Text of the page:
SEOUL — Call it the gasp heard round the world. Olympic fans were aghast when Russia’s Adelina Sotnikova took the figure skating gold medal over South Korean uber-star Kim Yuna. You could almost imagine the collective shock measuring on the Richter scale. But the outpouring of global emotion pales compared to what South Koreans are enduring.

Don't cry, scary bear. It was a good Olympics

In general the closing ceremony showed Russia's softer side, as opposed to the opening ceremony, which was all about displaying power and might. 

Highlights from Day 14 remind us why Sochi's Winter Olympics aren't about sports

Sometimes, it’s best to let others celebrate your Olympic gold medal for you. Ukraine won its first event at the 2014 Winter Olympics in Sochi on Friday, taking the top of the podium in the women’s biathlon relay. Instead of jubilation, however, the team was subdued given political crisis that has claimed more than 70 lives at home in the past week.

Russia dissolves in tears after men's hockey team loses to Finland

Host Russia collapsed into a pool of self-pitying tears Wednesday after losing 3-1 to Finland at the Sochi Winter Olympics. After dominating Olympic hockey throughout the 20th century as the Soviet Union, the Russians have not won gold in the sport since 1992. The team’s last medal was bronze in 2002. This year, it was trying to recover from a sixth-place finish at the 2010 Games in Vancouver.

This is what Ukraine's Olympians have to say about the violence at home

Ukraine's Olympians have something to say about the violence at home.

Sochi families displaced by Olympics hit bureaucratic limbo in fight for permanent housing

Part 2: Some of the 2,000 residents displaced by Olympics construction haven't gotten answers from officials — say 'the courts are corrupt.'

The family will eventually need to leave their temporary apartment, but they don’t know when. Lyudmila said she is 39th in a queue to receive permanent housing from the government, and is trying to find out how long they can stay, while they continue to search for a permanent place.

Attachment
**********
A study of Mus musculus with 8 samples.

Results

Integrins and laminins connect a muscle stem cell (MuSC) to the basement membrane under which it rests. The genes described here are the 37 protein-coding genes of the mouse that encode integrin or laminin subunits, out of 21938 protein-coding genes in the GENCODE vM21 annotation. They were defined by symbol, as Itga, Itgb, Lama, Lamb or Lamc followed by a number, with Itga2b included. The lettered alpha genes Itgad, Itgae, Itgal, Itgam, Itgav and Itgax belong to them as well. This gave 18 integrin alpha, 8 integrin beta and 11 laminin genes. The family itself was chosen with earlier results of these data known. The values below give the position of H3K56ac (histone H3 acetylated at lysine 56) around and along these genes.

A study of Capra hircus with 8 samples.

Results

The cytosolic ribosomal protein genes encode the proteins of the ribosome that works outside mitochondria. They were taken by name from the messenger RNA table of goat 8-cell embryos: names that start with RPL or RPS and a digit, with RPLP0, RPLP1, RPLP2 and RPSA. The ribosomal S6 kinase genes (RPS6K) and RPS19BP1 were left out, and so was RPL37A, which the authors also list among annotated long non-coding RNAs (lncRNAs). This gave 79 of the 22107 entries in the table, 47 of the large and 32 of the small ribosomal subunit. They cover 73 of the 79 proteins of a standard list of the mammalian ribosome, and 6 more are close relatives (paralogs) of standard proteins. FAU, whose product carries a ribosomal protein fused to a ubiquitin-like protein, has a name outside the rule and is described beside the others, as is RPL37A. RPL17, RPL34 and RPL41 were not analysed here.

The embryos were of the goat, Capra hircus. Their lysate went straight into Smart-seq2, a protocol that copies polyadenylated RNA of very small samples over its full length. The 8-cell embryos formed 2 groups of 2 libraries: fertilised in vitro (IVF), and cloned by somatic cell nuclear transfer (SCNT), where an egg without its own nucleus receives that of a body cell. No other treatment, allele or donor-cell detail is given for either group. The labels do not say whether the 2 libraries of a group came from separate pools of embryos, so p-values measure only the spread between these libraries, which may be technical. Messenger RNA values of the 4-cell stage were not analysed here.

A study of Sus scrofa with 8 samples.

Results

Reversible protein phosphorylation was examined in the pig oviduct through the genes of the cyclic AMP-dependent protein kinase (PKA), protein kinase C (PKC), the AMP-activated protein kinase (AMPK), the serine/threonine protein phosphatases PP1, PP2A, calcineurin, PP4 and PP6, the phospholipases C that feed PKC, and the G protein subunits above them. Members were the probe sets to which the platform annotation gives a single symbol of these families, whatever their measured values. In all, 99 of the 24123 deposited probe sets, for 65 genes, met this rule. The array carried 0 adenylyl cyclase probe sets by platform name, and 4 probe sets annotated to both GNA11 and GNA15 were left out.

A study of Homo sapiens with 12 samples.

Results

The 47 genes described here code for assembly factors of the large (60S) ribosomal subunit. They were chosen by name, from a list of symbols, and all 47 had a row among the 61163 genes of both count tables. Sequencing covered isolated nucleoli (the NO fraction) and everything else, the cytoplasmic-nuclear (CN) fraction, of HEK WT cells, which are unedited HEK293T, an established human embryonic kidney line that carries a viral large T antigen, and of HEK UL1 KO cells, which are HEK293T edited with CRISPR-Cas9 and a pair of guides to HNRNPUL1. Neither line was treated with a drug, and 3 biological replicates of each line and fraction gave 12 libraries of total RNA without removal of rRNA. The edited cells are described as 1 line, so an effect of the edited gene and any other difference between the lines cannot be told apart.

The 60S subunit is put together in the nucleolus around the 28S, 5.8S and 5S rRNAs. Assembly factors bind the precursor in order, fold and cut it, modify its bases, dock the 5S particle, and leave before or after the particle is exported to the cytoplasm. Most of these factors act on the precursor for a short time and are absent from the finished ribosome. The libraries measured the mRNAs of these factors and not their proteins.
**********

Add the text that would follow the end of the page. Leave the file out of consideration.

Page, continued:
“We are waiting for the results, because this building belongs to Moscow,” she said. “We have no rights to be living here [indefinitely].”

Lyudmila is also trying to prove that the eviction was illegal, which is why she was going to court on Wednesday night. She said she hopes to bring the case to court in a higher jurisdiction in St. Petersburg.

“The case was sent to Moscow, came down to Krasnodar region, then local in Sochi, and so on,” she said. “I also applied to Putin’s office, but there was no answer. He only said: ‘You have the right to apply to a court.’ And it’s a circle.”


Sochi residents 'paved over' by Olympic construction remain displaced and unpaid

Part 1: About 2,000 residents found out what it's like to get in the way of Putin's $51 billion production.

SOCHI, Russia — Driving on a highway past the glitz of Sochi’s coastal Olympic Park, traffic rolls over a place where a family once called home. Alexey Savelyev and his wife, Natalya, had their house destroyed two years before the Olympics to make way for the road.

“We had our house taken, our only house,” Alexey said. “There was no compensation at all.”

Alexey, 39, and Natalya, 31, stood in a neighbor’s yard on Wednesday, across the highway from where they once lived. Their neighbor’s property is a few hundred yards wide and about as long.

At one end is a two-story wooden building with a metal roof — their neighbor’s home — and at the other, two corrugated metal shipping-container-sized boxes sit in mud alongside tossed sinks and rusted bed frames.

“We put the boxes here because we have no place to live,” Alexey said, “because instead of a house, there is a road now.”


Russian skicross racer Maria Komissarova badly hurt in training run

SOCHI — Doctors are operating on Russian skicross racer Maria Komissarova's spine after the 23-year-old was seriously hurt in training on Saturday.

Just how well are foreigners coping in Sochi?

'I feel safer here than I do in Detroit or Atlanta,' says one American.

Seen in Sochi

Reporting from the Olympics venue, GlobalPost correspondent Dan Peleschuk takes in some of the more unusual sights.